Professors Martha Langford and Jean-Philippe Warren will be inducted as fellows of the prestigious organization in November
September 11, 2018
Sociology professor Jean-Philippe Warren says Quebec studies can generate fascinating analyses for scholarly communities around the world. | Photo by Deanna Reesor (Flickr CC)
Sociology professor Jean-Philippe Warren says Quebec studies can generate fascinating analyses for scholarly communities around the world. | Photo by Deanna Reesor (Flickr Creative Commons)

Two of Concordia’s leading researchers in Canadian history have been selected to join the ranks of the Royal Society of Canada (RSC) this fall.

On November 16, Martha Langford, professor in the Department of Art History and director of Concordia’s Gail and Stephen A. Jarislowsky Institute for Studies in Canadian Art, and Jean-Philippe Warren, professor in the Department of Sociology and Anthropology and Concordia University Research Chair for the Study of Quebec, will both be inducted into the prestigious non-profit organization.

“The Royal Society of Canada recognizes the exceptional learning and intellectual accomplishments of our country’s top scholars. As such, being named a fellow of the Society is an honour of the highest order,” says Christophe Guy, vice-president of Research and Graduate Studies at Concordia. “I couldn’t be more pleased for Dr. Langford and Dr. Warren.”

He also notes that these most recent appointments demonstrate how Concordians continue to think critically and creatively about our changing world.

“The consistent annual election of our researchers to the society speaks to the university’s leadership as a knowledge-creation institution in the arts, humanities and social sciences,” he says.

The history of photography in Canada

Art historian Martha Langford, who is also research chair of the Gail and Stephen A. Jarislowsky Institute for Studies in Canadian Art, has had a long and distinguished career studying photography. She will join the RSC’s Academy of the Arts and Humanities.

Martha Langford

“This is a great honour, which recognizes not just my work, but the field in which I work — the history of photography in Canada,” she says. “I am especially excited to join a society of scholars that places so much emphasis on interdisciplinarity and transnational exchange, which are also key aspects of photographic studies.”

Langford is delighted this year’s induction ceremony will take place at Dalhousie University in Halifax. The city is home to the Nova Scotia College of Art and Design, now NSCAD University, which is where she studied photography in the early 1970s.

“It seems somehow fitting to be returning there, on the wings of my Concordia nomination to the Royal Society of Canada,” says Langford.

In 2010, Langford published “A Short History of Photography, 1900-2000,” the first comprehensive survey of modern Canadian photographic art, in The Visual Arts in Canada: The Twentieth Century. She is also the editor-in-chief of the Journal of Canadian Art History/Annales d'histoire de l'art canadien and co-editor of the Beaverbrook Foundation Series on Canadian Art History.

Langford’s writing on photography and video addresses mediated experience in relation to constructs of memory and imagination, as well as vernacular photography — the study of images that take everyday life and common things as subjects.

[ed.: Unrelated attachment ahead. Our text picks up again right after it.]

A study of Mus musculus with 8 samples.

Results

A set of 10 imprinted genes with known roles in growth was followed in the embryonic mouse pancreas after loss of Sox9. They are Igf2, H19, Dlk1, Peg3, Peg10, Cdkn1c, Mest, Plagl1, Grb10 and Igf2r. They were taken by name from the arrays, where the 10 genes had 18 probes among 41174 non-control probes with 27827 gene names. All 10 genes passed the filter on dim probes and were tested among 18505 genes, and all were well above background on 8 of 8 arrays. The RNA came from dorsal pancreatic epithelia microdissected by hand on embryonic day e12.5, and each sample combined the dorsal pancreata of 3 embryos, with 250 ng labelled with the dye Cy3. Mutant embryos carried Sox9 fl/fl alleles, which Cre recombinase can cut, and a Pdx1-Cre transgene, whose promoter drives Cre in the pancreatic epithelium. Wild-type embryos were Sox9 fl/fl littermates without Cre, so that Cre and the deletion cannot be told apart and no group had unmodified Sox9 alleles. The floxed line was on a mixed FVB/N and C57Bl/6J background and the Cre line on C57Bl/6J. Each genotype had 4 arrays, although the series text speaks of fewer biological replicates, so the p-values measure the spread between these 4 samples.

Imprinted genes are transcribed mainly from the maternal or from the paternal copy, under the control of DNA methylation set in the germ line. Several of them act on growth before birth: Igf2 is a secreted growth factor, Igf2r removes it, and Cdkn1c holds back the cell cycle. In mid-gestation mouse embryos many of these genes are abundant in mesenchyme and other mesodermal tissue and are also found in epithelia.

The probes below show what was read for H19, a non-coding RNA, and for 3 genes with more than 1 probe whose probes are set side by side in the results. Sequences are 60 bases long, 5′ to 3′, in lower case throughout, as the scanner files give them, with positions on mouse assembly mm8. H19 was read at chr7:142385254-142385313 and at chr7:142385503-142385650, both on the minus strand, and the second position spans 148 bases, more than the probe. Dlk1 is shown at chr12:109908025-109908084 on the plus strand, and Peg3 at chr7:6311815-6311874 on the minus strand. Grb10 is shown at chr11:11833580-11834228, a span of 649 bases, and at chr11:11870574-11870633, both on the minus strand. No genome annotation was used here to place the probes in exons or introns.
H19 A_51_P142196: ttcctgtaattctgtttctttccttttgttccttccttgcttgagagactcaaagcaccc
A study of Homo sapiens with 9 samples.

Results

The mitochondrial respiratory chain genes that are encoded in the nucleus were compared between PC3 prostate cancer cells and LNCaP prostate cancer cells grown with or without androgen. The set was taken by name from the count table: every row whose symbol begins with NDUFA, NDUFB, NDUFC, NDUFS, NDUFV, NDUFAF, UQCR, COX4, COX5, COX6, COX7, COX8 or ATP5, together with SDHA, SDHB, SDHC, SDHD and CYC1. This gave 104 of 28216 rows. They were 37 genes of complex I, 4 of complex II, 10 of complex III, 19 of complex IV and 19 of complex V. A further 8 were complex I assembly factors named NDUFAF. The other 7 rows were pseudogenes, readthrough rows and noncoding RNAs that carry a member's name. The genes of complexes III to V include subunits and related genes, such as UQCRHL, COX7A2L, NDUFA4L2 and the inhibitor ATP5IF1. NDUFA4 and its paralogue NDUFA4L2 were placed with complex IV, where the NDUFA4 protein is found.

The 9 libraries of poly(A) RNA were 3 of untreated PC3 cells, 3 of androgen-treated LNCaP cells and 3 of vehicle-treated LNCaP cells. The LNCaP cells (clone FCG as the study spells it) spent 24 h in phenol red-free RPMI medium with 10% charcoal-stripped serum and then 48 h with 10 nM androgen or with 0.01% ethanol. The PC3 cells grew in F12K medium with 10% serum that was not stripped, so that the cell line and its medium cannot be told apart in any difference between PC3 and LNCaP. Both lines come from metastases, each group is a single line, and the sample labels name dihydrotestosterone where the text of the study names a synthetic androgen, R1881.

She is an also an active independent curator whose exhibitions include Unmasking: Arthur Renwick, Adrian Stimson, Jeff Thomas for the Canadian Cultural Centre in Paris, as well as Preoccupations: Photographic Explorations of the Grey Nuns Mother House for Concordia’s FOFA Gallery. During her career, Langford has held fellowships at the Institute for the Humanities at Simon Fraser University and the National Gallery of Canada.

Quebec in the past century

Sociology professor Jean-Philippe Warren investigates the history of Quebec’s people, places and culture in order to identify ways in which the province has changed over the last 100 years. He will become a member of the RSC’s Academy of Social Sciences.

Photo by David Ward

“Being inducted into the Royal Society exemplifies how Quebec studies can generate fascinating analyses that are relevant not only to the province’s residents but the entire world’s scholarly community,” says Warren, adding that this field of study is anything but parochial.

He notes that becoming a fellow of the RSC demonstrates how Concordia has become a vibrant hub for researchers interested in the province. Warren says the university’s faculty and students are developing innovative perspectives and approaches to revisit old issues or define new ones. Much of the credit for his scholarly success goes to the “conversations I’m lucky to have with colleagues working in different disciplines,” he remarks.

A prolific writer, Warren has published 12 books and hundreds of academic articles and book chapters in under 20 years. His work includes studies on Quebec sociologist Fernand Dumont, painter Paul-Émile Borduas and writer-politician Honoré Beaugrand. He is also a member of the scientific committee for Humanities and Social Sciences, serves on the editorial board for Bulletin d’histoire politique, works as an associate editor of the Canadian Journal of Irish Studies, and consults for “Histoire Engagée.”

Warren holds degrees from Université Laval, Université de Montréal and France’s École normale supérieure, and has taught at Université Sorbonne Nouvelle in Paris. He received the Governor General's Award for French-language non-fiction in 2015, the Canadian History of Education Association Founders' Prize in 2014, and the Michel-Brunet and Clio prizes in 2004.